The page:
The End of the Norv Turner Offense?

Kyle Terada-USA TODAY Sports

The Minnesota Vikings as a team are a smash mouth offense complemented by the consistent excellence of a top five scoring defense in 2015. After netting a playoff berth and being a kick away from beating the former NFC champions, the Seattle Seahawks, the Vikings took a huge step in 2015. Despite this step, there were often too few signs of life in the offense outside of the rushing champion, Adrian Peterson. This is due to the poor fit between the Offensive Coordinator Norv Turner and rising second year Quarterback Teddy Bridgewater.

This friction between scheme and player is most apparent in passer rating. While this is generally an outdated statistic, it does back up the fact that operating out of the shotgun, he functions better, more than 30 points better. This cavernous disparity combined with the amount of times the supposedly weak armed Quarterback was tasked with throwing downfield to receivers that could not contend. Many people in the national media concluding – incorrect or not, that Teddy regressed last year. The Vikings’ front office are seeking to change that. The addition of LaQuon Treadwell, standout Ole Miss receiver is the most tangible impact. Having an outside receiver who is able to battle for every ball and attack it with the requisite aggression unlike others, Charles Johnson is a poignant example of this, is a huge addition to the offense. The addition of weapons must come with the intention of using them in the correct way. Sending LaQuon on a nine route with the idea of him snagging a ball sixty yards downfield and then accelerating away from a corner is frankly ridiculous. Now these additions have been brought in they have to be used in the right way. The best way to do this would be by using Teddy’s new best friend as a short and intermediate possession receiver and as a force in the red zone. Possibly the worst way would be in the downfield way that Norv likes to use his receivers showing the poor fit between weapons and Coordinator.

In addition to LaQuon, the Vikings have also brought in talent on the offensive line, notably being Andre Smith, Alex Boone and Willie Beavers (joking about the last one). These two standouts have made a consistent impact on the success of their previous lines, but these, like the rest of the Vikings’ starters are best at run blocking. This means that the seven step drops and play calls of the offense are making them try and pass protect for too long. This puts the average pass blocking offensive line, which ranked 16th is in pass pro according to Pro Football Focus, at a competitive disadvantage because they don’t have the skill to execute this. The offensive line cannot cope with the stresses of the system that Norv Turner is implementing.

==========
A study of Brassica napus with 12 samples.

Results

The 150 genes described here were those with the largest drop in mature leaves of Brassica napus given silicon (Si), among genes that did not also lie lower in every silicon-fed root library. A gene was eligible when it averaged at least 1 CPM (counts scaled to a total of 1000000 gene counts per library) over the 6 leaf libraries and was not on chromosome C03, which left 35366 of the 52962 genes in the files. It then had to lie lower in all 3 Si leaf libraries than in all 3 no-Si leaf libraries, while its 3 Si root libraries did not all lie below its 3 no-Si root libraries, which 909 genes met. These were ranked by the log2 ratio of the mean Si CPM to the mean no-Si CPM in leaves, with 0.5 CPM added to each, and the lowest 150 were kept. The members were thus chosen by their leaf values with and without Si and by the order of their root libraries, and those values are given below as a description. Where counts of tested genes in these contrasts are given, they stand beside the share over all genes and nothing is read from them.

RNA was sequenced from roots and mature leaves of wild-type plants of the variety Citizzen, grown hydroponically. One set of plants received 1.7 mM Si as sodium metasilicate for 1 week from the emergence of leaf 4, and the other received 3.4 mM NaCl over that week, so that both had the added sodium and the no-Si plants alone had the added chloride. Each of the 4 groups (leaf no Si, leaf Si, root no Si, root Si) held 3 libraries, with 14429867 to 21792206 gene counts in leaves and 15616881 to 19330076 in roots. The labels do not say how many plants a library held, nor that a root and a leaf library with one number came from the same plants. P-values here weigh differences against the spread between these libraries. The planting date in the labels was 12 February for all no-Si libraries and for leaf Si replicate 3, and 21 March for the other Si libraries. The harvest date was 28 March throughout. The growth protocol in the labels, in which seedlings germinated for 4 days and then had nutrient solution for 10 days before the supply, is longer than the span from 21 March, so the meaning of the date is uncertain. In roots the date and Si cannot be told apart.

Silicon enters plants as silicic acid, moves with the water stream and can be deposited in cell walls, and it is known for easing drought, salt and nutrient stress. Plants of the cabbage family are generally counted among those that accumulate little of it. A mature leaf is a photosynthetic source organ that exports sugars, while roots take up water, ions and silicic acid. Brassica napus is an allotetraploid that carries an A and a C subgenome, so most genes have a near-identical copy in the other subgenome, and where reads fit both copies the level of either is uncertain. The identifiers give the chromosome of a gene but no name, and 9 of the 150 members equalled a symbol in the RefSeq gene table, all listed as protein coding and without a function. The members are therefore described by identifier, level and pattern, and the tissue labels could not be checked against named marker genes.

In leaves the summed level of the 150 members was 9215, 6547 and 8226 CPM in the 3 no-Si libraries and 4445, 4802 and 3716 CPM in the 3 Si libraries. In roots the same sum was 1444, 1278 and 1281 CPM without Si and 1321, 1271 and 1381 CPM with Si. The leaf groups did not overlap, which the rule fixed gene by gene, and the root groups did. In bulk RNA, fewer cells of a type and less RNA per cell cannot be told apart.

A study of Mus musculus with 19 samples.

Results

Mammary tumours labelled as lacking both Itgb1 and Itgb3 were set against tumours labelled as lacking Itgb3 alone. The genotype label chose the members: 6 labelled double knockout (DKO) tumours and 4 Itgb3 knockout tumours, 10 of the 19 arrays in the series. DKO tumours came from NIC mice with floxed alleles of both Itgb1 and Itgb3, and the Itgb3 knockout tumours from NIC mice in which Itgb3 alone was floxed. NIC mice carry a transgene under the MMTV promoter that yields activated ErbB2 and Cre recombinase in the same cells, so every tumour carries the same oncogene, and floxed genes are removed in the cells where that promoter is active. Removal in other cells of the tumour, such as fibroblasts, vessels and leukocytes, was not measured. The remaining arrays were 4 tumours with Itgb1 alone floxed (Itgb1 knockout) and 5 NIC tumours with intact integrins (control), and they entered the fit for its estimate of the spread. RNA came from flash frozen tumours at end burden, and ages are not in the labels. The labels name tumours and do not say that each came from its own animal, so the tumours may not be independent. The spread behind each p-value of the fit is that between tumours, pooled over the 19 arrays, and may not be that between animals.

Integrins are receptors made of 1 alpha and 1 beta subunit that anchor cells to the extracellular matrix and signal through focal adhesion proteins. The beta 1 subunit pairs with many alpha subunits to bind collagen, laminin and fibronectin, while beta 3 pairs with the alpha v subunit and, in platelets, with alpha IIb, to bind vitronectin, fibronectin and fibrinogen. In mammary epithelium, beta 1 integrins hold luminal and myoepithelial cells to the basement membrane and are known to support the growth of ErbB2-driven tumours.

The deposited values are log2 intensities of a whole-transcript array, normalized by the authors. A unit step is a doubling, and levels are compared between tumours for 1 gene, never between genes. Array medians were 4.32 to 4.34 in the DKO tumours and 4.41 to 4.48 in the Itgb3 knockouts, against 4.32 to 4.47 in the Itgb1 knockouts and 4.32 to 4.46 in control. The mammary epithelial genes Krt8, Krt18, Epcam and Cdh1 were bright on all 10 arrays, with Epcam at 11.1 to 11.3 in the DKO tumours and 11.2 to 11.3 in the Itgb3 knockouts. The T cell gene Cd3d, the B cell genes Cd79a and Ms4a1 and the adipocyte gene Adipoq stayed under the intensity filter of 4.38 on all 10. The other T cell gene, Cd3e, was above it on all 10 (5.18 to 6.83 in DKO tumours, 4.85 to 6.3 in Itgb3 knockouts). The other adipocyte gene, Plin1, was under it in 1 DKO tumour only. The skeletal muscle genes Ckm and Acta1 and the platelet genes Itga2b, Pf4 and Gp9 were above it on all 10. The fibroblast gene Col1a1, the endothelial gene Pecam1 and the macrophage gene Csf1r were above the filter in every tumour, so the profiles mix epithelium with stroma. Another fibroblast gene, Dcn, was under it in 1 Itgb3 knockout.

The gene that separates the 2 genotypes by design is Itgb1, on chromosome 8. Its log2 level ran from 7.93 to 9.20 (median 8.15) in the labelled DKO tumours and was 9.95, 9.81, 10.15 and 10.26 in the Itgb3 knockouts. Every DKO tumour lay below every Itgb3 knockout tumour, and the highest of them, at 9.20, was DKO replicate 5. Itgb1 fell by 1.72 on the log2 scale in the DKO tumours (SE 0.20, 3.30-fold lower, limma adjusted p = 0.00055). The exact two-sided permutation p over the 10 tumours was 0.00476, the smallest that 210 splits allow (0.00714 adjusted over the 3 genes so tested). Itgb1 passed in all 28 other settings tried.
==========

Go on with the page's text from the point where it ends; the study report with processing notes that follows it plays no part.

The Vikings also have some former Head Coaches coming to the offense to try and bolster the Tight End and Offensive Line positions, but these coaches, Tony Sparano and Pat Shurmur both ran west coast schemes as head coaches. With this addition of an offense that would spread the field and allow Teddy to work best on those "mediocre passes," according to Adrian Peterson. Future Hall of Fame Running Back’s vocabulary aside, Teddy functions best in a passing range of ten to twenty yards and is very good at that. Too bad that Norv does not use his Quarterback at what he is best at, right? The additions of Shurmur and Sparano give the Vikings something that they should have brought in a long time ago, West Coast principles. The Vikings have the perfect RB, and he sat on the bench for most of the year before starring in two minute drills and limited reps. Jerick McKinnon is a weapon who can be lined up in the slot, can take the ball inside and outside the tackles, has a rudimentary knowledge of blitz pickup, which despite entering his tenth season Adrian still doesn’t know what that is. He also runs routes better than pretty much every other back in the league. This extra experience combined with the fact that he’s now going into his last season means that Norv Turner, despite all the great work he has done for the club should be on his way out. Norv has done some really important and successful things with the offense. That said, with the players that the Vikings have and the direction that Teddy needs to take as a player, who could be a master of the short and intermediate passes, he needs to do what he is best at.

Ultimately, Norv Turner is a good coach and he has done some impressive things for the Vikings however to progress as an offense and as a team, he needs to adapt or be succeeded. The Vikings have finally given Teddy some protection and someone who can really accentuate his strengths but to use him effectively there needs to be a shift in scheme. There is a very good chance that with the right steps the Vikings can make a run at the Super Bowl with a strong defense and a passing game that caters to the strengths of a promising young Quarterback, but is Norv Turner really the right man to be leading the helm?